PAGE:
SB 138 - Related to a gas pipeline


Before Senate Resources
Testimony provided by Rick Rogers
February 19, 2014

Good evening madam chair and members of the committee. My name is Rick Rogers, Executive Director of the Resource Development Council. RDC is a statewide business association representing forestry, oil and gas, mining, tourism, and fishing industries. Our mission is to grow Alaska through responsible resource development. RDC supports policies aimed at increasing the commercial viability of developing Alaska's natural gas resources.

Alignment and Durability, two words that are used so much in resource policy deliberations that perhaps they become cliché. But if we are going to move forward in monetizing North Slope gas, these are both essential.

The “Heads of Agreement” aligning the interests of the three major North Slope producers (ExxonMobil, BP and ConocoPhillips), TransCanada, the state administration and the state-owned Alaska Gas line Development Corporation (AGDC) is a major step forward. This represents unprecedented alignment of interests in moving forward in developing this world-class gas resource for both in state use and export. Getting the producers, the state and TransCanada on the same page is unprecedented. With the recent announcement of the Heads of Agreement, we can see a path forward to a single project involving the producers, TransCanada and the state through a newly formed subsidiary of AGDC.

Unlike oil, LNG is sold on long-term multi-decade contracts. An LNG project will require durable and predictable fiscal terms, and the heads of agreement and authorizing SB138 provides for a stepped approach forward in defining the state’s participation including fiscal terms and a corresponding equity interest.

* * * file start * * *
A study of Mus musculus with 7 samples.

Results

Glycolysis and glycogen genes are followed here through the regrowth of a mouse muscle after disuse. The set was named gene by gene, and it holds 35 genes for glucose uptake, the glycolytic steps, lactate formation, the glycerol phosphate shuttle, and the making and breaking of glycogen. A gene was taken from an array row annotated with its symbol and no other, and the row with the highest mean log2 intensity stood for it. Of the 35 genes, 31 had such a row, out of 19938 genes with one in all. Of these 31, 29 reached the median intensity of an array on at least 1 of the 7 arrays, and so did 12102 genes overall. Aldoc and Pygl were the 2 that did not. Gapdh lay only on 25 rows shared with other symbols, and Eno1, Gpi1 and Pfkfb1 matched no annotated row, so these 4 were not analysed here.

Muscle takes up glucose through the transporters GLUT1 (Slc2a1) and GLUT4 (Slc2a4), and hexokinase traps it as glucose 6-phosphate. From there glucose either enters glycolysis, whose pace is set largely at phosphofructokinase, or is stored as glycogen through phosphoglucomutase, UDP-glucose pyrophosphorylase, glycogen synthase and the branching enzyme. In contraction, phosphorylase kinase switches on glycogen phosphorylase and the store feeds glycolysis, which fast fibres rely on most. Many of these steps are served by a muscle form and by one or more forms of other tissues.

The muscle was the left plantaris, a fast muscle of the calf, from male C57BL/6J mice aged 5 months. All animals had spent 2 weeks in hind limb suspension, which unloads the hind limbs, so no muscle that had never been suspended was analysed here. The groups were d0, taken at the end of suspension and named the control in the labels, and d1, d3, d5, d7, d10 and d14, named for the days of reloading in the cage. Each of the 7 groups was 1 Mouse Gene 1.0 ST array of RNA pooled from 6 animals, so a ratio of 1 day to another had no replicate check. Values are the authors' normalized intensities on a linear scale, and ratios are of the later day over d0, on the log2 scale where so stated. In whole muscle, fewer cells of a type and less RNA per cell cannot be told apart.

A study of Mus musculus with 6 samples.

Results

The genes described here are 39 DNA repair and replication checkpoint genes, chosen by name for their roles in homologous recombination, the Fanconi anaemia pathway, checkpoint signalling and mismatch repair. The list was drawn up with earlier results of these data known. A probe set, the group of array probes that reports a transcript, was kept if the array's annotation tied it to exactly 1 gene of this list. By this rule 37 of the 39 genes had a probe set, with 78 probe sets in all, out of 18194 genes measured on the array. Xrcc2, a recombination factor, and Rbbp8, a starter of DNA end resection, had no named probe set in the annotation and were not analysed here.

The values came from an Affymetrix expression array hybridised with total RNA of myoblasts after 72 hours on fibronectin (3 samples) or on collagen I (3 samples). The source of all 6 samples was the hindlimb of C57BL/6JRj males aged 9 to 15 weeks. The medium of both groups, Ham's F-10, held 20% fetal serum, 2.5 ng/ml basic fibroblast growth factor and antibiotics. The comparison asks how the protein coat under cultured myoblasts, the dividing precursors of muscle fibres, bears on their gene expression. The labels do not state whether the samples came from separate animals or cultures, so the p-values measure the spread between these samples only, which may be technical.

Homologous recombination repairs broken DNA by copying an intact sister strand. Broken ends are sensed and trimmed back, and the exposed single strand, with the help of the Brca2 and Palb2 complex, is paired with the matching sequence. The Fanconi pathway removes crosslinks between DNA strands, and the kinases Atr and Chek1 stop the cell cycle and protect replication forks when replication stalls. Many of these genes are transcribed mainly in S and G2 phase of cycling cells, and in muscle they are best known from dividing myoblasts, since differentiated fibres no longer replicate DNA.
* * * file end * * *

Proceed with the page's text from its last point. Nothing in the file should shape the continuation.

As Alaskans we need to have a serious and deliberate conversation about Alaska’s role in such a project. SB138 will require lots of work and analysis and I am impressed with the deliberate due diligence this committee is undertaking. We need to carefully weigh the risks and rewards with a realistic eye on the need to compete globally with dozens of other jurisdictions and projects hoping to secure project backing.

Without question the most beneficial gas line project for Alaskans is a large capacity line sanctioned by the producers in partnership with the state. Fundamental project economics, largely out of our control, will dictate whether this project ever gets constructed.

To have any hope for monetizing gas, we must maintain a robust oil industry on the slope. Oil pays the bills and supports the vast and complex infrastructure on the North Slope needed to produce gas. If we fail to defeat the ballot referendum repealing SB21 in August, we signal to the producers and the world that we lack the long-term vision essential in developing our gas resources.

RDC believes alignment of interests; durable agreements including fiscal terms; and maintaining a vibrant competitive oil industry are vital to gas line development. The deliberate stepped approach to moving this project forward with an eye towards alignment and durability is our best hope for an economically viable large capacity LNG project. We also need to weigh the project risks against the risks of failure to monetize our gas.

We encourage the committee to continue with its due diligence and to pass enabling legislation this session, recognizing that this is a stepped approach with further legislative decision points and off ramps down the road as the project matures.

Thank you for the opportunity to testify.